Paying college players is an inherently bad idea


I see you queasily watching college football’s latest financial collapse. I feel that glint of recognition as you witness the impending NCAA-led destruction of Cam Newton and the Auburn Tigers. I know you are nodding your head and thinking the same thing.

For Bush’s sake, wouldn’t this all be a lot simpler if colleges just started paying their athletes?

It’s a universal notion, an accepted wisdom, a common question for which there can only be one answer.


No, no, no.

Colleges should not play players. Colleges cannot pay players. To do so would hurt the very athletes supposedly being helped, devaluing intercollegiate sports until they’re not worth the paper that a freshman linebacker’s contract is printed upon.

With coaches making millions while players can barely afford dinner, is this fair? No. With universities building libraries on the spines of their studs, is this just? Absolutely not.

But the beauty of college athletics lies directly in this paradox, a nation drawn to the idea of professional games played by amateurs, millions cheering for superstars in letter sweaters, inspiration bathed in innocence.

If you pay the players, that aura is gone, and with it, a sports experience that is singularly passionate and uniquely American.

“Rationally, it would make sense to pay college athletes,” said Dr. Murray Sperber. “But college athletics is one of the most irrational parts of American life.”

Sperber, you might remember, is the former University of Indiana professor who was once vilified for being the lone critical public voice against former basketball tyrant Bobby Knight. Sperber has written several books about the problems of big-time collegiate athletics, and is now a visiting professor in the graduate school of education at UC Berkeley.


I phoned him Thursday as the allegations mounted that the father of Heisman-favored Newton sought money for his son’s collegiate enrollment.

We know that, when leaving junior college after last season, Newton’s first choice was to play for his former Florida offensive coordinator Dan Mullen at Mississippi State.

We know that, at the last minute, based on the influence of his father, Cecil, Newton changed his mind and committed to Auburn.

We have been told by various sources through various media outlets that Newton’s father had asked Mississippi State for $180,000 to sign Newton, and that the Bulldogs refused.

At this point, it is impossible to guess anything other than somebody connected with Auburn did not refuse.

“I would bet my house on it,” said Sperber with a laugh. “Are you kidding me?”

And if that guess is wrong, blame a system where even the most scrutinized player on America’s most scrutinized team — yeah, Reggie Bush — could not stay clean.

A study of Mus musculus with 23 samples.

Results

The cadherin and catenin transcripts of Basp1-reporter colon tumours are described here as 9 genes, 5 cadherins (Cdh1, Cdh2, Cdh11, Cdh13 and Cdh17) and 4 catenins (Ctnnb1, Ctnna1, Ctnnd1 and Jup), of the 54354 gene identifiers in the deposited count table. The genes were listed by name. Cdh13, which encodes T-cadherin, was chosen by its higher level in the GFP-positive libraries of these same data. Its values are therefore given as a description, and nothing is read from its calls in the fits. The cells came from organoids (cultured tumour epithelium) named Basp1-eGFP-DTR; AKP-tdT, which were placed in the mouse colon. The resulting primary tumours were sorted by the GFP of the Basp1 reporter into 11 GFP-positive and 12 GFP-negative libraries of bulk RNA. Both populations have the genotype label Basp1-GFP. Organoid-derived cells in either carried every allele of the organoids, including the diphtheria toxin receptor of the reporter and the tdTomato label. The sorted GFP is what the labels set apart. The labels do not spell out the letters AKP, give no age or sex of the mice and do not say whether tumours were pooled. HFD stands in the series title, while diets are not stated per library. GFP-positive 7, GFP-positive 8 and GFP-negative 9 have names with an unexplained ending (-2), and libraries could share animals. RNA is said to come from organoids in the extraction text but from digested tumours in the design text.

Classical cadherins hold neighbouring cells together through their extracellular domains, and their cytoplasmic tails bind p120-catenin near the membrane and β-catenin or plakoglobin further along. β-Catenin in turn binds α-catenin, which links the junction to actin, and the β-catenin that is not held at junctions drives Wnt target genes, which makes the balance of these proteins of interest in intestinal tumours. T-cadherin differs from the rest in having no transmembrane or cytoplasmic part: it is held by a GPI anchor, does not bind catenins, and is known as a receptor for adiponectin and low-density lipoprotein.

To which critics have devised a simple solution — just pay the kids already. Give them salaries commensurate with their value to the university. Compensate them for the 40-hour workweek that is college sports. Heck, could somebody just throw them a bone?

It’s a concept that has been gaining so much traction, even Sperber admitted that “I have gone back and forth on it for several years.”

But at the end of the school day, Sperber agrees that it’s impossible.

“Many people love the idea, but there are many reasons it just wouldn’t work,” he said.

First, the kids are already paid. It’s called a scholarship. In some cases, that’s a salary of more than $50,000 a year.

OK, fine, big-time athletes bring in big money, they deserve more than just tuition and a dorm room. But which athletes do you pay? Do USC basketball players really deserve as much as USC football players? And if you don’t think USC female athletes would demand — and receive — equal money, then you don’t understand the concepts of gender equity.

“With so many athletic departments losing money, there is no way schools could afford to pay everybody,” said Sperber.

All right, so lines are drawn and lawsuits are won and only male football and basketball players are paid. Well, now, the problems are only beginning.


This would mean the end of recruiting, the end of high school stars choosing their college. With so much money being thrown around to so many athletes, the schools would eventually halt the madness the way Major League Baseball finally did.

Welcome to the 2014 College Football Draft.

“Can you imagine how big that would be?” said Sperber. “ ESPN would put it on TV and it would be bigger than any draft ever, including the NFL.”

Once players were drafted, they would obviously sign contracts that would replace scholarships. And with no scholarships, forget even the illusion that anyone would go to class.

With those contracts, of course, come agents, and negotiations, and are you ready for an Ohio State linebacker to stage a two-month holdout in hopes of getting traded back to his USC roots? Of course, the ability to make such trades would have to be ratified by the union.

What, you thought you could pay college kids and they wouldn’t unionize?

“This would get real interesting, really fast,” said Sperber.

All except the actual games. With the players possessing no sense of alma mater loyalty, college football fans would eventually feel as if they were watching an extended NFL pregame show. With the players having no association with the school other than a contract, college basketball would feel like a winter version of minor league baseball.

Was there nothing cooler than hearing that, on the day of the national championship basketball game last spring, some Butler University kids actually went to class? Pay the players, and it’s class dismissed.